Crime & Justice

Orange County seeks help with sheriff oversight

A visiting booth at the Theo Lacy Facility jail in Orange County, Calif. where U.S. Immigration and Customs Enforcement detainees are housed in space that the federal government contracts from the county.
A visiting booth at the Theo Lacy Facility jail in Orange County, Calif. where U.S. Immigration and Customs Enforcement detainees are housed in space that the federal government contracts from the county.
Orange County Sheriff's Department


The proposal in question would enter the county into a $10,000 per month contract with attorney Michael Gennaco through the end of the year.  He would attend meetings on developing a new police oversight model for the county, offer advice, and help draft related ordinances and policies.

Gennaco was lead attorney for the Los Angeles County Office of Independent Review that provided oversight for the L.A. County Sheriff’s Department for over a decade. County supervisors decided not to renew that contract after developing a new oversight model last year. 

“Mr. Gennaco will have an attorney-client relationship with the Board of Supervisors and Orange County law enforcement agencies,” according to the staff report on the proposed contract.

The call for a new type of oversight model arose in June, when Orange County supervisors soured on their current independent monitor. They complained they weren't notified in a timely manner about issues with the use of jail house informants

But replacing the current model has come with a short deadline.

The current contract with attorney Stephen Connolly who heads the county's Office of Independent Review ends August 31. And an attorney with the U.S. Department of Justice notified the county last month it had concerns about the sheriff’s department having no oversight if a new model wasn’t put in place before that contract ended.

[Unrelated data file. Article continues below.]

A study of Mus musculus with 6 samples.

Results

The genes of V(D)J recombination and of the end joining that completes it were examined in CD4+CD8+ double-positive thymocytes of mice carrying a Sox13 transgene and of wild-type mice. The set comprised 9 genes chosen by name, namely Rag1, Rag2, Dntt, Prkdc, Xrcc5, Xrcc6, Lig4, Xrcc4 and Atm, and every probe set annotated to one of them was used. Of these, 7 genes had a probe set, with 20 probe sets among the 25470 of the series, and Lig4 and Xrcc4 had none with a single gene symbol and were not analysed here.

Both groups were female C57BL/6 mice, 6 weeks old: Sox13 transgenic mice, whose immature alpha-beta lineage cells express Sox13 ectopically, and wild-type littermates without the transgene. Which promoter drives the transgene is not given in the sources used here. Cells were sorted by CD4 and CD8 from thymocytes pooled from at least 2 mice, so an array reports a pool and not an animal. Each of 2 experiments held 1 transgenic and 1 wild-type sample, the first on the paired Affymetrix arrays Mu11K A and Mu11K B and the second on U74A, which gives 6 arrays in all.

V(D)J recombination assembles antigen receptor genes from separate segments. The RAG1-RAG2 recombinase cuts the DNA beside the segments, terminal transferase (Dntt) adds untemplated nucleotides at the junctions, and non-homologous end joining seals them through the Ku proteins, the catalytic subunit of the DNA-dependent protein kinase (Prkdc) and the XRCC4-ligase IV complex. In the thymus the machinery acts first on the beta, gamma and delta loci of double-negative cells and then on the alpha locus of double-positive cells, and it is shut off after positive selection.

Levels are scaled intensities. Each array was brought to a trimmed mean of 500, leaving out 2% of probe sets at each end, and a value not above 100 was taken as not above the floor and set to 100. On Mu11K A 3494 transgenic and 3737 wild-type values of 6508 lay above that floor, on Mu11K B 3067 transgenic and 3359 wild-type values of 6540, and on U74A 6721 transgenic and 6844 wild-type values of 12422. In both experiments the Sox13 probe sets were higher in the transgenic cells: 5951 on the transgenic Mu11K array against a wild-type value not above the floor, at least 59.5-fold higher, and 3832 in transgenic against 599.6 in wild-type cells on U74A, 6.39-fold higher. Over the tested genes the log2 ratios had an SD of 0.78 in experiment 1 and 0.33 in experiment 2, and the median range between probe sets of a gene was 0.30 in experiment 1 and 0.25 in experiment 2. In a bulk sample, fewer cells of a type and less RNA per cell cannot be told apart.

The DOJ has had an open investigation into the O.C. Sheriff’s Department regarding jail violence and deputy behavior stemming from a 2006 inmate death.   

The federal justice department also told county supervisors and counsel that it was keeping an eye on the fallout from the jailhouse informant scandal involving the District Attorney's Office and sheriff's deputies.

That incident led to the D.A.'s office being removed from the case against Scott Dekraai, the man accused of shooting and killing eight people at a Seal Beach salon in 2011. 

Supervisors are proposing the county extend the current contract with Connolly through December to run the O.C. Office of Independent Review to monitor the sheriff's department until a new model can be developed. He would be paid $17,500 per month, a $765 vehicle allowance, and reimbursements.

The O.C. Office of Independent Review monitors complaints against sheriff's department employees, reviews internal investigations and advises decision makers on discipline. The Office has access to department records, but it doesn’t conduct its own investigations and has no power to force the department to take action.

Last month, experts on policing, civil rights and oversight told supervisors the county oversight agency lacked the necessary teeth to do the job. It does not have subpoena power.

Orange County supervisors are expected to discuss the contracts on Monday and vote on them on Tuesday.